George Harrison's family plans to scatter the ashes of the Beatles guitarist in India's holy Ganges River, according to a spokesman of the Hare Krishna movement. Harrison had a long association with Indian culture.
The New Delhi spokesman for the International society of Krishna Consciousness, Mahamantra Das, says George Harrison's family plans to scatter his ashes in the northern Varanasi city where Hindu religion's three holiest rivers - the Ganga, Yamuna and the mythical Saraswati - converge. Some of the ashes will also be immersed at another holy site in Allahabad.
British media has reported Harrison was cremated hours after he died in Los Angeles, Thursday. The reports say his ashes are being brought to India by his widow and son.
Hare Krishna is a Hindu sect to which Mr. Harrison belonged. According to its tenets, the immersion of the ashes is symbolic of the soul's journey towards eternal consciousness.
Mr. Das says the scattering of the ashes may coincide with a one minute meditation the family has requested Mr. Harrison's fans to observe in his memory. In India, that moment falls early Tuesday. "Early morning, according to Hindu rituals, is a 'Brahma muharat,' so this is very auspicious time," he said. "So probably they must have chosen that time."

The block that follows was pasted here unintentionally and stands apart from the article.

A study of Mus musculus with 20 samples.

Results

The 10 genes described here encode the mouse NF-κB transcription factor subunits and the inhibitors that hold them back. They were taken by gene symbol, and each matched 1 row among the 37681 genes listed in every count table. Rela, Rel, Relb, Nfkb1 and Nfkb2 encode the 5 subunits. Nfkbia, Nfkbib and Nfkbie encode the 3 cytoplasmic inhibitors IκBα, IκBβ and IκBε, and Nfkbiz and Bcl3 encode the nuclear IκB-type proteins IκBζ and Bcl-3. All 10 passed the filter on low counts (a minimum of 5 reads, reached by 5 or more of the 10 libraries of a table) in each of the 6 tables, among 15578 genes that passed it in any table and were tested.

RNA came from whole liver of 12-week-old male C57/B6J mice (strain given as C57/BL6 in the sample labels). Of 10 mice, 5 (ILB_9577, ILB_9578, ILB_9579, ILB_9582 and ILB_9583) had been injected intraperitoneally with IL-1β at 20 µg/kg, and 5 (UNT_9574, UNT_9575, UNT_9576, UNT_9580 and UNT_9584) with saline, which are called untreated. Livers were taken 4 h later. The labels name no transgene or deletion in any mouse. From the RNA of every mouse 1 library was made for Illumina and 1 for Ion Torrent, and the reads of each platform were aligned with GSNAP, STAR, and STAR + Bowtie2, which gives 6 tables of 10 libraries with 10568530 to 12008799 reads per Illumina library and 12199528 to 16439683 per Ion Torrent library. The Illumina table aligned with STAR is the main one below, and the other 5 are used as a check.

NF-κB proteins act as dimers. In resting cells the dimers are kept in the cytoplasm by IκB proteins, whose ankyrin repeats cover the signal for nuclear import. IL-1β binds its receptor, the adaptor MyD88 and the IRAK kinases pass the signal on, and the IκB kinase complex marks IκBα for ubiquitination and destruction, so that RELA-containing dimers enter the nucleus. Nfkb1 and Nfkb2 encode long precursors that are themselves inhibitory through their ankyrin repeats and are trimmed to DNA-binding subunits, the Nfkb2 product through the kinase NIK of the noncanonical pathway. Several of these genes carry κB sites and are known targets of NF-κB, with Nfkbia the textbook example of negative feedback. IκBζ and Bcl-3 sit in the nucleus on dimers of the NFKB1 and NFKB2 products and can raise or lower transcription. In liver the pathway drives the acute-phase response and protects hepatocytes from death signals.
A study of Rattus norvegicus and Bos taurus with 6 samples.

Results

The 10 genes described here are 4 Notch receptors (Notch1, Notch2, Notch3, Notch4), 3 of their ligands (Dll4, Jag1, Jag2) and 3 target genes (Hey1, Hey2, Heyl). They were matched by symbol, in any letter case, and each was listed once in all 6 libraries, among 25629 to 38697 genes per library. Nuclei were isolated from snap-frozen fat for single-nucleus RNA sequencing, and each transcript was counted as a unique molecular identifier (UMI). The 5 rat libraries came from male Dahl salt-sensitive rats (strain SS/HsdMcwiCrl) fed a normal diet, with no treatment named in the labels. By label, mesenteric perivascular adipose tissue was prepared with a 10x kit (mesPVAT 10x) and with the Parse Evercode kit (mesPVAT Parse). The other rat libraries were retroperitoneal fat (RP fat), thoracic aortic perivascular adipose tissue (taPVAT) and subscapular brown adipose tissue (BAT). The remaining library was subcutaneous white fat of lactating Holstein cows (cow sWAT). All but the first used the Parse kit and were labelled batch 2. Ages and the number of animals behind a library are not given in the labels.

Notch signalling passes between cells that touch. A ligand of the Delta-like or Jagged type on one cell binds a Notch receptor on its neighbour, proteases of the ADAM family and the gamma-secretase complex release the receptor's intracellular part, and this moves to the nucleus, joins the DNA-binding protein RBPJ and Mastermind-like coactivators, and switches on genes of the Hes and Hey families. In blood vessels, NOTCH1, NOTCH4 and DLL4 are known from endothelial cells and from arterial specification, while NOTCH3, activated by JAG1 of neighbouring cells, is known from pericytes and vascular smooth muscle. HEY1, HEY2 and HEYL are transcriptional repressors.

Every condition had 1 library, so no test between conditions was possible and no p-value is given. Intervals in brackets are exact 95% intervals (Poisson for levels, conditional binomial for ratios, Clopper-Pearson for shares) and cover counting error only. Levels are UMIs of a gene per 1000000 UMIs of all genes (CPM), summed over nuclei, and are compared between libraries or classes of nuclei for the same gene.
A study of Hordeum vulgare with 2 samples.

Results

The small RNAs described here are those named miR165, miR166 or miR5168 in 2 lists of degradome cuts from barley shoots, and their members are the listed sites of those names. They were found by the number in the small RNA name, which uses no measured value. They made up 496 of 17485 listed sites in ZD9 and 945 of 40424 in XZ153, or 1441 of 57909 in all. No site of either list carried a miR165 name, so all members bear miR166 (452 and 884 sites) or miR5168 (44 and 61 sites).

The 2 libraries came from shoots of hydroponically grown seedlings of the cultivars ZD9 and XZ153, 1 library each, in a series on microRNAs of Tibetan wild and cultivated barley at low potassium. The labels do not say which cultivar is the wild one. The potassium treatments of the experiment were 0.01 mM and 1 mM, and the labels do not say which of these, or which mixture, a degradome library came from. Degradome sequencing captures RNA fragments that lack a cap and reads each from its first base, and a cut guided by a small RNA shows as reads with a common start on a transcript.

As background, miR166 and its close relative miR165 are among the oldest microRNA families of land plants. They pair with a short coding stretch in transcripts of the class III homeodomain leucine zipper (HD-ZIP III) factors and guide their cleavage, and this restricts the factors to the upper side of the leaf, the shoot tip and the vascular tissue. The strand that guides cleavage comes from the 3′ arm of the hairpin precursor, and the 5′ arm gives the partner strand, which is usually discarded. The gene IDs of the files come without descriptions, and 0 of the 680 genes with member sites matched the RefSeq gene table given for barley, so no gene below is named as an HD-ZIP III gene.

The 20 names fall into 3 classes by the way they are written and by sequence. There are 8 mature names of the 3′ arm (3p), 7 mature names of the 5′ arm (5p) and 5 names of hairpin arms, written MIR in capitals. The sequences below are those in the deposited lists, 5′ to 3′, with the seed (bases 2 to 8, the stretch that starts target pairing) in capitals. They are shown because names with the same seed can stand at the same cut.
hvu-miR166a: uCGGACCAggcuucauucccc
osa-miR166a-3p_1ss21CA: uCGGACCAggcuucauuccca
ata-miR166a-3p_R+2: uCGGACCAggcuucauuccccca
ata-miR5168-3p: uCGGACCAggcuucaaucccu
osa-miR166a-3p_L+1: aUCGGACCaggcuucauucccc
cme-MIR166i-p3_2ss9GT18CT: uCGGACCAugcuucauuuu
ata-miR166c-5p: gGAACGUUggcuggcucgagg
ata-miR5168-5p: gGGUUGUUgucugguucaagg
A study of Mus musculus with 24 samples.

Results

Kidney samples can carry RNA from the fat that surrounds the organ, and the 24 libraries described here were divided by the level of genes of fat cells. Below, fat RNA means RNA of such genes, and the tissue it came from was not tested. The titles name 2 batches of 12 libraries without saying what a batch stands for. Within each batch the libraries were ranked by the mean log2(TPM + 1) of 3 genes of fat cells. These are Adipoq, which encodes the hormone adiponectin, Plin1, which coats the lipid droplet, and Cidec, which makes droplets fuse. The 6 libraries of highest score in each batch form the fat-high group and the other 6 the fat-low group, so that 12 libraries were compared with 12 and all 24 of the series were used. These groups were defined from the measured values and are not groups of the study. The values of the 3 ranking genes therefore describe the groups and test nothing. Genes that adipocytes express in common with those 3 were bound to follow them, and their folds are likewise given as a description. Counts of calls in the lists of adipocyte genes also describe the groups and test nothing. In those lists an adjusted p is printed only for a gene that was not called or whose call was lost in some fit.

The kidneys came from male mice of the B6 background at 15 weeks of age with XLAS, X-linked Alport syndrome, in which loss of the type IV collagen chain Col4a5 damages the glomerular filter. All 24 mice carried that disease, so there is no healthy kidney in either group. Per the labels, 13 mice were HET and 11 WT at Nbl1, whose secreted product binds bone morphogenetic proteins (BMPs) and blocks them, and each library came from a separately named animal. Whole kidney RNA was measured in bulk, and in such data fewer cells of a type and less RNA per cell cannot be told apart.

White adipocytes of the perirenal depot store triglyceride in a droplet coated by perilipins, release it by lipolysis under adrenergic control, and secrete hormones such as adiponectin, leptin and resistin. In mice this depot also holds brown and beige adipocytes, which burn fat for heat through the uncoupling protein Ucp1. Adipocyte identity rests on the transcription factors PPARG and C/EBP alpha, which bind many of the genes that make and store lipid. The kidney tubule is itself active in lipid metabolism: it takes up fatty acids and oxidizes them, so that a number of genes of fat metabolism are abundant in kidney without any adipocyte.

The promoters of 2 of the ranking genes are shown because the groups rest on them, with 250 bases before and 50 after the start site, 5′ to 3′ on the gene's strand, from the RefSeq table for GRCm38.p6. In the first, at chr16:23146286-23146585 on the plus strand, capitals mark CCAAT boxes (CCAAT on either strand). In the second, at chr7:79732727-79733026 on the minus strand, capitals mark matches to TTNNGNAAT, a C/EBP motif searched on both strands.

George Harrison - known as the "quiet Beatle" because of his aversion to publicity - had a long and intense association with Indian mysticism and music. He first visited India in 1966 and is said to have found the quiet he craved here. He came to learn the guitar-like instrument, the sitar, with Indian musician Ravi Shankar, who became a lifelong friend.
He was also influenced by an Indian guru, Maharishi Mahesh Yogi, who introduced him to transcendental meditation. He traveled to Rishikesh, a holy Indian city to study with the Maharishi.
Harrison later became a follower of the Hare Krishna movement. The movement is based on the worship of the Hinda god Krishna and has thousands of Western followers.
These Indian connections left a mark on his music. He introduced the sitar to Western listeners in such Beatles recordings as "Norwegian wood" and "Rain."
British newspapers have reported Harrison spent his last moments saying "Hare Krishna," a chant that Krishna's followers say purifies the soul and takes it closer to God. The newspapers say pictures of Hindu god Rama and Krishna were near his bed and Krishna adherents chanted as he died.